Weekly Roundup – 9nd to 15th April

let's all (3)

“Learning is not attained by chance, it must be sought for with ardor and diligence.”

– Abigail Adams

In today’s world of information overload, we might miss something worthwhile. Every week, I’ll be flagging some of the articles I have read, which I found interesting, for you. Here’s the roundup for the week:

  1. As reported by CNNMoney, the city of New York will now require sexual harassment training for all workers. This new training rule, one of the strongest legislative responses to the conversation that has been occurring increasingly often about misconduct in workplaces, will apply to any private employer with more than 15 employees.
  2. Recently, protests erupted across India after the shocking and gruesome details about the rape and murder of a 8 year old Muslim girl by 8 accused Hindu men were made public. The issue has lead to communal discord, and showed that, despite the strides India has made in the field of safety for women, there are miles to go before we come anywhere close to building a country that is safe for women. One of the more disturbing elements of this particular case, which occurred in Kathua, was that due to the communal nature of the crime, many men, including members of the ruling Bhartiya Janata Party, came out in support of the accused. Quartz reports on the same, while also highlighting the outpouring of rage and support that India has given to the case.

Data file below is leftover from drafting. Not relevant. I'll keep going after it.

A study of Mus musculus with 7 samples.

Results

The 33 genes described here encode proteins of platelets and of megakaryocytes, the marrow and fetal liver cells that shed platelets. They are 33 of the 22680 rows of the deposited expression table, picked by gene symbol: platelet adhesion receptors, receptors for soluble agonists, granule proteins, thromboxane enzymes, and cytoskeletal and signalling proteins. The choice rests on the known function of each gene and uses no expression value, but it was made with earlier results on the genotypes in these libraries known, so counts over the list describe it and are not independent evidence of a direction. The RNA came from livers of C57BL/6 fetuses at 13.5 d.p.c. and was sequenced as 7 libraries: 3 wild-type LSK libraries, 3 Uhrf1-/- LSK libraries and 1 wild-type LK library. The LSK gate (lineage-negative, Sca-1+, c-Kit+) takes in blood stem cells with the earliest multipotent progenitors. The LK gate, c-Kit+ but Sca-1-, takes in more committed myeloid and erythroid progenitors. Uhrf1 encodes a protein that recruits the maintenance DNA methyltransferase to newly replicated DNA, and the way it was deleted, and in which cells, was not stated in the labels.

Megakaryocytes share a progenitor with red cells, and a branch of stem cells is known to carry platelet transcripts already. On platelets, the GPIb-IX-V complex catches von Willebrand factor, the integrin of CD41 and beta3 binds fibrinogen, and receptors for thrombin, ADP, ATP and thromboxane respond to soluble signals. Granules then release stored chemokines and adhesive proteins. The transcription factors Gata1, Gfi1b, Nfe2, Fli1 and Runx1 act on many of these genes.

3. The Guardian, in an excerpt taken from Healing from Hate: How Young Men Get Into – and Out of –Violent Extremism by Michael Kimmel, published by University of California Press in April 2018, talks about how one thing in common for most violent extremists is their gender. As observed, violent extremists tend to have fragile concepts regarding their masculinity and often feel emasculated.
  4. Nathanial Frank, in the New York Times, outlines why the Pentagon is wrong in their conclusion that people with gender dysphoria, or a history of gender transition have a higher rate of mental illnesses that “unacceptably raise the risks of harm to unit cohesion, lethality, good order and overall readiness.” Frank disputes this, and through research, tries to show the reader how this conclusion has been disproved by many independent bodies and research institutions.